12:00AM / Friday, April 28, 2006
Pownal, Vt. - A vacant mobile home was destroyed when an unpermitted April 27 outdoor fire spread from its' perimeters and ignited one of the home's tires.
Pownal Valley Volunteer Fire Department and Pownal Protective Fire Association fire fighters were called to 977 Strohmaier Road at about 11:30 a.m., said Pownal Valley Assistant Fire Chief Joel Howard. Howard said that the fire generated two 911 phone calls, one that reported the fire as a "brush fire" and a second that described the fire as a "structure fire."
According to fire officials, property owner Henry Strohmaier was burning a quantity of grain bags and wood on his property, and left the fire unattended for a few minutes while he went to retrieve something from a nearby location. When Strohmaier returned to the fire, flames had ignited a tire that was part of the mobile home's underside.
Unaware Of Need For Permit
The burning was being done without a fire warden issued permit.
Strohmaier told state and town fire officials and law enforcement officers at the scene that he was not aware that he'd needed a permit for the burning, Howard said.
Mutual aid was requested and provided at the scene and at town fire stations. Firefighters from the Williamstown, Mass., Hoosick, N.Y., and Bennington Village and Bennington Rural volunteer fire departments brought manpower and trucks, Howard said.
There were firefighters at the scene until about 2:30 p.m., Howard said.
"We Were Lucky"
Thick, black smoke was so dense that fire truck drivers, known as "engineers," were made to wear breathing apparatus known as "air-pacs" while the blaze burned. Pownal Valley firefighter and town Highway Department Supervisor Casey Mattison operated a Strohmaier-owned bucket loader to help put out the mobile home fire, and he was also required to don the breathing apparatus because of the dangerous smoke, Howard said.
A second mobile home and another, traditionally-built structure were in the path of the fire, Howard said.
"There was another mobile home about 10 feet away that was on the verge of catching fire when the first truck rolled up," Howard said. "We were lucky, we could have had multiple structures and cars and trucks and who knows what all on fire."
"I've said this before and I have to say it again, it was good team work," Howard said.
"Think About It...."
Many of the firefighters from the town and neighboring departments leave their paid jobs to fight fires when alarms sound and mutual assistance is requested, Howard said.
The employers who permit their volunteer firefighter employees to leave their jobs deserve recognition and community support for their encouragement and their willingness to support community fire protection, Howard said.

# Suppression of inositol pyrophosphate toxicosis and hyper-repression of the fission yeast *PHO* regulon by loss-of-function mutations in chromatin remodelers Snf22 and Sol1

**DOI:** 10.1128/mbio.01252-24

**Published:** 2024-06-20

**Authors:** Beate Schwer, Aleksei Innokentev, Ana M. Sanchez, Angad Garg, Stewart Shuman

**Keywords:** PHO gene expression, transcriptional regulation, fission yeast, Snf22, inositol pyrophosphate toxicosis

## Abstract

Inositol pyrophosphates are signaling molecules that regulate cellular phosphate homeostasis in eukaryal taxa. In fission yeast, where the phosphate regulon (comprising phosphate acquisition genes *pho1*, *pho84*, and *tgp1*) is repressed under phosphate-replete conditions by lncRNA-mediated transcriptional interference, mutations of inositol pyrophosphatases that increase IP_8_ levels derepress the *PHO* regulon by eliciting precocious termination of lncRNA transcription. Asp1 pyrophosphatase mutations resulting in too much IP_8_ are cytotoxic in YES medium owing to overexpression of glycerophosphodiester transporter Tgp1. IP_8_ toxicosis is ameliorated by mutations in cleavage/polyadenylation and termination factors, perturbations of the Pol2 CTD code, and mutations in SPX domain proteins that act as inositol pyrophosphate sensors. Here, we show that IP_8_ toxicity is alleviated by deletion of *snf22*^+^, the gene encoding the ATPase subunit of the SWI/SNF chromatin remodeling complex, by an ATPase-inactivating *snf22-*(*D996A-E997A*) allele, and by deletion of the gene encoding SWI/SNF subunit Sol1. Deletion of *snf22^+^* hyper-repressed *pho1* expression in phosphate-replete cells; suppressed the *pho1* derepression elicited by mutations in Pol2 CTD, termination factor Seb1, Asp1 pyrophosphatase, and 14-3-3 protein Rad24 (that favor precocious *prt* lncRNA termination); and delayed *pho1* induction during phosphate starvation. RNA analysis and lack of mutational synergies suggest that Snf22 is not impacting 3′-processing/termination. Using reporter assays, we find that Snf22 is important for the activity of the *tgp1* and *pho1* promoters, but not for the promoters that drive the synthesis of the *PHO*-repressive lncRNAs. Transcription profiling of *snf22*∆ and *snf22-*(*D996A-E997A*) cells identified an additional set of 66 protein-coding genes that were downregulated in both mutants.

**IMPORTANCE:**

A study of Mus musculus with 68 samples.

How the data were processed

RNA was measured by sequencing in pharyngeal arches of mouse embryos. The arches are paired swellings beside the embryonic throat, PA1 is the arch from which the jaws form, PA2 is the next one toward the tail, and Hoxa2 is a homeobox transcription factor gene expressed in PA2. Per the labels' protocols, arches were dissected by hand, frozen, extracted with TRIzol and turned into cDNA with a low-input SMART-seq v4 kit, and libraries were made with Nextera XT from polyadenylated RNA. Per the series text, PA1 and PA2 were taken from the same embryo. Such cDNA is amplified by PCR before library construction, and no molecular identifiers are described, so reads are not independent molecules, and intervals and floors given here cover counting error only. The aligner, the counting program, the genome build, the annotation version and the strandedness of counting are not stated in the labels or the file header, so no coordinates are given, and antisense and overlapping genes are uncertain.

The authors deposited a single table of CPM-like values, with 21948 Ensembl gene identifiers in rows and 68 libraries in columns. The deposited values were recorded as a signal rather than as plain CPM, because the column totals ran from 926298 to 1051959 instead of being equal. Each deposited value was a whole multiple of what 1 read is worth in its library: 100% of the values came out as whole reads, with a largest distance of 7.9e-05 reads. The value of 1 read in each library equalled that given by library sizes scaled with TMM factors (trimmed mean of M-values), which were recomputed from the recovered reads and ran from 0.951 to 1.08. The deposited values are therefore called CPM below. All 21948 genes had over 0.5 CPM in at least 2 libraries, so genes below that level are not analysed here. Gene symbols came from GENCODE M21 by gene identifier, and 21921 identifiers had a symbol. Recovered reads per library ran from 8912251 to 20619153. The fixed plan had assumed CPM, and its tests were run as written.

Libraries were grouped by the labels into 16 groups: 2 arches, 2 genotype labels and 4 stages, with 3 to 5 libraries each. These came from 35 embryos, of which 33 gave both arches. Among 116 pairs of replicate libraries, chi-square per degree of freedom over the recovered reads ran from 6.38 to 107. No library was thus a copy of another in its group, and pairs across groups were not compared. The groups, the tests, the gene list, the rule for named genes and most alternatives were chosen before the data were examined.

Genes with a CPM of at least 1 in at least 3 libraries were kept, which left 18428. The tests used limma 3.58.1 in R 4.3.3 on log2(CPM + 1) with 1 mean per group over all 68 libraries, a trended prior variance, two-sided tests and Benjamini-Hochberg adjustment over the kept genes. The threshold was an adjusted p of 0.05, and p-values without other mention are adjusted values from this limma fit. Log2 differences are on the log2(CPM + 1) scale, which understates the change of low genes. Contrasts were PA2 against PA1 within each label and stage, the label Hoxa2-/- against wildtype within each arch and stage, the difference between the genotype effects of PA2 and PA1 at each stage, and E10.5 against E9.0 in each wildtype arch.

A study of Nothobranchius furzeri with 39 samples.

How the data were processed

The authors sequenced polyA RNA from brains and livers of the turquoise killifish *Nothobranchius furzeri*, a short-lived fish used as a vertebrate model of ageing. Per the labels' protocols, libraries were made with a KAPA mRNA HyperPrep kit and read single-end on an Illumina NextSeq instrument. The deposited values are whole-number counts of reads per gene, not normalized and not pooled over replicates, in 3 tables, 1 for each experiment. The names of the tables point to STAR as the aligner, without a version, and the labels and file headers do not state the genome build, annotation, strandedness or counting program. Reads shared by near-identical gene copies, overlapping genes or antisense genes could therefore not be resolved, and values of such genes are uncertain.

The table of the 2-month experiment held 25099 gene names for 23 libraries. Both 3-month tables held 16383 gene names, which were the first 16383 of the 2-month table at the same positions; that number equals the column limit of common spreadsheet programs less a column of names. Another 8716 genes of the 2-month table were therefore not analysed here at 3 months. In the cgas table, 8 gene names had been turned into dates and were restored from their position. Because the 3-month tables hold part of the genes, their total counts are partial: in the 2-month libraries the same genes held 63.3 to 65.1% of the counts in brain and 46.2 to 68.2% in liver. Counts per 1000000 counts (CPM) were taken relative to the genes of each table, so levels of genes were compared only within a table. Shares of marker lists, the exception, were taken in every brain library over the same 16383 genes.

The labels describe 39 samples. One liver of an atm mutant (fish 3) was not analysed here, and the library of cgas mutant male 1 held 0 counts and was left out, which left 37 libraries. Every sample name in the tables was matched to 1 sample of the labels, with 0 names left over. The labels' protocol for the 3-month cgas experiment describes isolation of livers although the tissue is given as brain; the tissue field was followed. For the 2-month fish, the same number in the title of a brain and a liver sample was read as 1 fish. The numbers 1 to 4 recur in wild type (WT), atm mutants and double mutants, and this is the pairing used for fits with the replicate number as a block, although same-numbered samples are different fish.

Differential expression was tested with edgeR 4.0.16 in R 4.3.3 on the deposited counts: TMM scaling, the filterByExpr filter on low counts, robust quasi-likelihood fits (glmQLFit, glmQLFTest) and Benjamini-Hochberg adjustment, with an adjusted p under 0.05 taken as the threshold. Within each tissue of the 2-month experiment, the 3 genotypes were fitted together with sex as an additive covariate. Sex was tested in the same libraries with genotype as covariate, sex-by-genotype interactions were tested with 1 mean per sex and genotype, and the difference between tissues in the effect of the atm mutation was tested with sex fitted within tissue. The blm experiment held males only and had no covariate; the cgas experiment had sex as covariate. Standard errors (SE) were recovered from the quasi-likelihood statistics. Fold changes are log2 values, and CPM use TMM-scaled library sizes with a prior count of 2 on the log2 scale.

His employer, Jody Tornabene of Tornabene's GMC sales and repair business, loses four workers when fires are "toned out."
"We have to thank our employers," Howard said. "My boss loses four guys when its' a structure fire. The town highway department loses guys when there's a fire. And Jody [Tornabene] doesn't complain about it. Think about it, he is running a business and there's times when there's a fire and four guys just take off out of here. Jody does not dock us pay when we leave for a fire, and there is a financial hit associated with having your workers off at a fire. It's a big deal, it's a huge deal that he lets us go and people should be aware of it. People should damn well appreciate it."
Tornabene acknowledged that he supports the firefighters and their work when fire erupts in the town. He does not ask them to "clock out" when the alarm sounds, nor does he reduce their pay for the time that they are absent from their jobs and fighting fires, he said.
"I am a huge supporter of the fire department," Tornabene said. "You have to have a fire department, and they need support. I think there would be more volunteers for the departments if there was more support. "
Egos should be set aside and an awareness that volunteer fire departments belong to the community should be generated throughout the departments and the citizenry, he said.
Cooperation among firefighting ranks and cooperation between firefighters and community residents should be a primary focus, Tornabene said.
Volunteer endeavors of all kinds benefit communities and each volunteer contingent should have respect for the others.
"I believe in community support and I think there should be more of it," Tornabene said.
Susan Bush may be reached via e-mail at email@example.com or at 802-823-9367.